Coast Jazz Orchestra’s final show of the term to feature Bill Lowe, ensemble
Lowe’s Signifyin’ Natives will perform alongside Dartmouth’s avant-garde student jazz group.
The Coast Jazz Orchestra will hold their third concert of the term today at 9 p.m. at Collis Common Ground. Jazz musician Bill Lowe and his ensemble, the Signifyin’ Natives, will join the student band. Lowe has played with avant-garde musicians such as Henry Threadgill and Muhal Richard Abrams, but has also collaborated with straight-ahead jazz musicians like Frank Foster and Thad Jones.
Jayanth Uppaluri ’24, a percussionist in the band, remarked that the return to normal has positively impacted the orchestra after an 18-month hiatus, reflecting the growth that occurred over the duration of the band’s separation.
“All of us who played during COVID have improved,” said Uppaluri.
Coast director Taylor Ho Bynum, who is also the composer of two songs on today’s setlist, echoed the sentiments on the dynamic this term.
“These days, I’m savoring every drop of performing with my students,” said Bynum. “[The pandemic] was a very powerful reminder of how necessary it is to make some sound and connect with each other in that beautiful, ephemeral place that we call music.”
The Coast finds itself at the avant-garde end of the genre. Inspired by revolutionary artists like Charles Mingus and Sun Ra, it will bring typically unheard sounds and unorthodox jazz instrumentations to the Collis Center, according to Bynum, which allows the orchestra to break the accepted conventions of jazz.
“We can bring influences from other genres, from other cultures, and allow us to show people that jazz can be more than what they’ve heard,” states Uppaluri.
Within Coast, the typical jazz orchestra instrumentation shakes up the traditional mix of saxophones, trombones, trumpets and rhythm, adding in more unexpected instruments such as mbria, bassoon and cello — as well as a six-person percussion section.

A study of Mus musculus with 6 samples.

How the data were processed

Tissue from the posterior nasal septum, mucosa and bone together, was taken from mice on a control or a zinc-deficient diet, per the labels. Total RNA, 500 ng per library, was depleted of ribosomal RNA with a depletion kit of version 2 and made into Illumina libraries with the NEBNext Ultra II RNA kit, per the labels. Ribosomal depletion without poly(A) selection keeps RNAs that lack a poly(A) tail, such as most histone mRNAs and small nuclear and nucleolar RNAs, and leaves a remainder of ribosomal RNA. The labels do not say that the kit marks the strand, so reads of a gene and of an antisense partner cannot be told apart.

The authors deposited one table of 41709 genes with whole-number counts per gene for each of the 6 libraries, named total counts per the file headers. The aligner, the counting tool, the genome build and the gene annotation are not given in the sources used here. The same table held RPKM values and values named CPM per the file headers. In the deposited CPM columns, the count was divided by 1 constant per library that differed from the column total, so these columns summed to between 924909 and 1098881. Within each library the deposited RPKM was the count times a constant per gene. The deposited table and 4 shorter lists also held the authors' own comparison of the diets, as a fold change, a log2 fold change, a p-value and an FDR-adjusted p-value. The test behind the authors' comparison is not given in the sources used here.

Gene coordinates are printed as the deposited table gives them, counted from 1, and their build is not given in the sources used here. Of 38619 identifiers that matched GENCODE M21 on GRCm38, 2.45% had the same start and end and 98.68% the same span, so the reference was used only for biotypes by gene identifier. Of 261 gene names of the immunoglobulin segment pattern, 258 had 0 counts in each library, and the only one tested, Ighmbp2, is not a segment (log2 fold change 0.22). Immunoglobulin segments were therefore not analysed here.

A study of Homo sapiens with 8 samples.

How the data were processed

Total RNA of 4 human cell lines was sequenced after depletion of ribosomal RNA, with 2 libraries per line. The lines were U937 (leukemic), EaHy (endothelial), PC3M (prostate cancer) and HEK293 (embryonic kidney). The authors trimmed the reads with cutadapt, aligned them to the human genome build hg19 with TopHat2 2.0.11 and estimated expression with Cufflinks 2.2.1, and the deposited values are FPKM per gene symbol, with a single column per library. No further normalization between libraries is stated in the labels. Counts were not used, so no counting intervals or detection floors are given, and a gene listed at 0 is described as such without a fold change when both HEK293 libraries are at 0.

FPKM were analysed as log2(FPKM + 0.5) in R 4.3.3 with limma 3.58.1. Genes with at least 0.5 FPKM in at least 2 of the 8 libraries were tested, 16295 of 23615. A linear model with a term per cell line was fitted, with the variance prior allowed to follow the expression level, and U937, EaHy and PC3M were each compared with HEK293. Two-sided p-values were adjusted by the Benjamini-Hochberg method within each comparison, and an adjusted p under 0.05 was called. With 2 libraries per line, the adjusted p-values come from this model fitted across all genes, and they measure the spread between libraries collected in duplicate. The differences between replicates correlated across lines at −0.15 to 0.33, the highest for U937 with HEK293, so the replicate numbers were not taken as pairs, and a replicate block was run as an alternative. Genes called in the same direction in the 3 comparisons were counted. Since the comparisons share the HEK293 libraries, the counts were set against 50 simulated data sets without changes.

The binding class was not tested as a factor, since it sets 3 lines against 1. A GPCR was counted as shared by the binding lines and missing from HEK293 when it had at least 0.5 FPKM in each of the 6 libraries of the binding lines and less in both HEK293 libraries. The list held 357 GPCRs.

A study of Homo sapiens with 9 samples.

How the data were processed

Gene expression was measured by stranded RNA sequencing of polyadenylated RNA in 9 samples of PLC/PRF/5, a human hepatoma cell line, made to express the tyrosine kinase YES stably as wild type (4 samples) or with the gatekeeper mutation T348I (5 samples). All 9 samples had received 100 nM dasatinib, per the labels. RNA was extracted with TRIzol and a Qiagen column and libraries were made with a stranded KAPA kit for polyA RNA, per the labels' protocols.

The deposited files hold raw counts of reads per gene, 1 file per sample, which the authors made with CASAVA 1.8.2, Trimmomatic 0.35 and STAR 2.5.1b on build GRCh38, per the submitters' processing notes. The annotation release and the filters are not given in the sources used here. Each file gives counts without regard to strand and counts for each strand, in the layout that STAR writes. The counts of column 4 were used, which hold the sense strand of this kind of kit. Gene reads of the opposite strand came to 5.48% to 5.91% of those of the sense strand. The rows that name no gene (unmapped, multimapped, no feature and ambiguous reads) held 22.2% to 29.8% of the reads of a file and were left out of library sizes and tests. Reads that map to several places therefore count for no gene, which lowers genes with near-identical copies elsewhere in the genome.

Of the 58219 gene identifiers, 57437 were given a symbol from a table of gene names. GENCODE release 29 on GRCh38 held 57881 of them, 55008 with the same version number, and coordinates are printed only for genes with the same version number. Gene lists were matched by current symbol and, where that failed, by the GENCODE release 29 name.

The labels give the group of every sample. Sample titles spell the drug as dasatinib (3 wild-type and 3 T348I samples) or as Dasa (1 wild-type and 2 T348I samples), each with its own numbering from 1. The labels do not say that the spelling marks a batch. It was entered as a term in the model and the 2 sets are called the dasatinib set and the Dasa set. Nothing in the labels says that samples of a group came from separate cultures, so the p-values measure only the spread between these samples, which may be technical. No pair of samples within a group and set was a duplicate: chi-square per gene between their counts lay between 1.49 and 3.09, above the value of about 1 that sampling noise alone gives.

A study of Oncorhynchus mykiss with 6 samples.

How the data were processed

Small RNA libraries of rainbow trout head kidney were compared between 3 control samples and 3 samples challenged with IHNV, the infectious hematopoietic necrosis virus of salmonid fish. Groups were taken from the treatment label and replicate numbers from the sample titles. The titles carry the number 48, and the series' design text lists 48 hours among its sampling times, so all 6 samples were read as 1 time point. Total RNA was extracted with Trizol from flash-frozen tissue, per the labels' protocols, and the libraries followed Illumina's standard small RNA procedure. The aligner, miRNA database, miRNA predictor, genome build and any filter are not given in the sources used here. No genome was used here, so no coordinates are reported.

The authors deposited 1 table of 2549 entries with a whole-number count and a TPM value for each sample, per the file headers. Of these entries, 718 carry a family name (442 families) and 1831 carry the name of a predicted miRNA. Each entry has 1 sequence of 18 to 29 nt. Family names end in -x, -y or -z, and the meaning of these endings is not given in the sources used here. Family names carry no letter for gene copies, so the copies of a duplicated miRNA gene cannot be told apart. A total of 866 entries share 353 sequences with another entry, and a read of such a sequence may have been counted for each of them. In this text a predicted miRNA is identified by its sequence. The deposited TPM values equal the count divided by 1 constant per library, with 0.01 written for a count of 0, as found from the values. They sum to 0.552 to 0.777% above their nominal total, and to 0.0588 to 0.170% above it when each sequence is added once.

“Because of the six-person percussion section, we can end [one of the songs on the set list] in a traditional West African style, percussion solo section,” says Uppaluri. “It adds a whole new dimension to the song.”
Malik Terrab ’25, a fan of classic and cool jazz, plans to attend the concert for the Coast’s unorthodox style.
“I feel like I don’t know exactly what to expect, and that sort of excites me,” says Terrab. “Any avenue of art where it’s pretty free-form is really exciting because so many things could come of it; there’s just so many opportunities for things to happen.”
Bynum said the theme for the Coast this term centers on strengthening relationships between past and current orchestra members.
“So much of [these relationships were] ruptured,” said Bynum. “The passage of tradition, culture and vibe that happens naturally when you play in a band was changed completely.”
For that reason, earlier this term Bynum invited alumni Noah Campbell ’21, a former saxophonist with the Coast, and Mali Obomsawin ’18, a former Coast bassist and professional musician, along with two colleagues to play with the Coast in a performance.
Bynum hopes to end the term collaborating with Lowe, who he said was his first mentor in high school.
“We’ve been friends and collaborators for over 30 years now; he’s a fixture of my musical life,” said Bynum. “Getting the chance to bring his ensemble up here the same term that I brought Mali’s ensemble up here means a lot to me.”
Bynum said that Signifyin’ Natives consists of an intergenerational mix of musicians.
“Music goes across generations…the relationships don’t stop in the classroom,” said Bynum.
Though the audience will listen to music from the jazz tradition, Uppaluri and Bynum hope listeners leave with much more.
“There’s nothing like playing for a crowd,” said Uppaluri. “You’re sort of feeding off [the crowd’s] energy.”
This concert will be the third time the Coast performs this term, though pre-pandemic, the group would perform one or two concerts per term, according to Bynum. A majority of musicians in the group haven’t played on a live stage with the Coast up until this term.
“We have to make some of that connective tissue that has always been implicit, explicit,” Bynum said.